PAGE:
Russian Supreme Court clarifies customs law
- Author: Irina Onikienko
- Date: 25.05.2016
Decree No.18 of the Plenum of the Russian Supreme Court “On certain issues of courts applying customs legislation” dated May 12, 2016 (the “Decree”) has been published, substituting and cancelling the previous explanations of the Russian Supreme Commercial Arbitration Court on many disputable issues occurring in the course of applying customs laws.
Due to the increased attention to the customs cost of goods following the Russian Customs Authority’s Order No.280 dated February 16, 2016 and subsequent frequent practice of releasing goods only against security for the customs payments, special attention should be paid to the Supreme Court’s clarifications concerning the declarant confirming the declared customs value.
Some of the key points of the Decree dealing with determining the customs value are as follows:
1. The price of the goods being imported cannot be rejected on the sole grounds that the customs authority does not agree with it being lower as compared to prices for similar goods or being different from the price level on the domestic market.
At the same time, the Russian Supreme Court notes that this explanation does not diminish the customs authority’s right to “make certain” that the declared customs value is valid, which in essence gives customs broad powers when assessing the customs value.
2. If there are signs that the declared customs value is invalid or if there is no due confirmation for the information on the cost of the transaction, these can serve as grounds for an additional examination, but not for automatic adjustment of the customs value.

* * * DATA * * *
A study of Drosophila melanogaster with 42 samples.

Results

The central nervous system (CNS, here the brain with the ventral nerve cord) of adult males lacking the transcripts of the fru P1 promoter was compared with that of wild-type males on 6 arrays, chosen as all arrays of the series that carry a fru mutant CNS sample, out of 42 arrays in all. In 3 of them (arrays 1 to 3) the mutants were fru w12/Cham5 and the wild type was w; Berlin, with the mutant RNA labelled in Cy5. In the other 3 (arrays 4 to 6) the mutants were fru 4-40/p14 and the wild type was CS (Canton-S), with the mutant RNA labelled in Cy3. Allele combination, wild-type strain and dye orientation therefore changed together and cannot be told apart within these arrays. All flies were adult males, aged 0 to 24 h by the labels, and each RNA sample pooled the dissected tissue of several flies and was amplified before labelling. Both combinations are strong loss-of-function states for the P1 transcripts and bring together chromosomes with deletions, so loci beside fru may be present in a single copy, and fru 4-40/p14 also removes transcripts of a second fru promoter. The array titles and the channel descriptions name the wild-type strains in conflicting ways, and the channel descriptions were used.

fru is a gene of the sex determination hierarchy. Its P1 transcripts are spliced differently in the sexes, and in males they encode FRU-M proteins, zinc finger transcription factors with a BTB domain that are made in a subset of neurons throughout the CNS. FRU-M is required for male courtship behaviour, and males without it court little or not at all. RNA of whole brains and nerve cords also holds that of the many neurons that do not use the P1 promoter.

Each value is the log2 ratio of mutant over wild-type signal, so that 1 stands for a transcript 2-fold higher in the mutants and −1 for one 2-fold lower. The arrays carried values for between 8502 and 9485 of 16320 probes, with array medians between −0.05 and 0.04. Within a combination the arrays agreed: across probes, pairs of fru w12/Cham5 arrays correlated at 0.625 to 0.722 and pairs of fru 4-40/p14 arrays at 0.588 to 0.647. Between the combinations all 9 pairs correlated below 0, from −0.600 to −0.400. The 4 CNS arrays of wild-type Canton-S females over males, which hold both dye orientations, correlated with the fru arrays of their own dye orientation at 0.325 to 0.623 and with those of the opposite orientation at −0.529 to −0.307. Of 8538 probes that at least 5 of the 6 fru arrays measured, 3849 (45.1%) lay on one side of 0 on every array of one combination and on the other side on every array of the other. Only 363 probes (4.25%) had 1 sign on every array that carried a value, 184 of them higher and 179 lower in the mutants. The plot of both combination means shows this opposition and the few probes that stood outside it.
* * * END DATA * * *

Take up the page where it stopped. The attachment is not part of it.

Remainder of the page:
3. The customs authority must grant to the declarant an actual opportunity to remedy any doubts as to the validity of the declared customs value, in particular:
- The customs authority must inform the declarant of the grounds on which the documents provided by the declarant do not remedy the doubts concerning the declared value (citing specific documents and information);
- The declarant has the right to contribute its objections regarding the signs of invalid declaration revealed by the customs authority, which must be taken into consideration when making the final decision.
4. The Supreme Court assumes the declarant needs to collect in advance the available evidence substantiating the acquisition of goods at the relevant price for subsequent submission of such evidence to the customs authority.
According to the Decree, the declarant is allowed to not submit such documents and information only if there are objective impediments and the appropriate explanations were given to the customs authority.
5. In case of a court dispute, new evidence supporting the declared customs value will not be accepted by the court if it was not submitted during customs control.
The court will deem it acceptable and will include it in the case materials only if the declarant had objective hindrances in obtaining such evidence prior to the customs making the disputed decision. In this connection, it is crucial to gather the full evidence base at the stage of customs control.
The explanations given in the Decree assume unequivocally that it is the declarant who is responsible for proving the declared customs value.
Based on the position of the Supreme Court, the evidence base in disputes with the customs authority is formed at the pre-trial stage, and that is why companies should pay due attention to the explanations and documents submitted to the customs authority in the course of customs control, so as to ensure in advance the complete and documented confirmation of their legal position.
Should any questions arise in connection with the above or if you need any additional materials, please contact Anastasia Kuzmina, St. Petersburg Office of Capital Legal Services.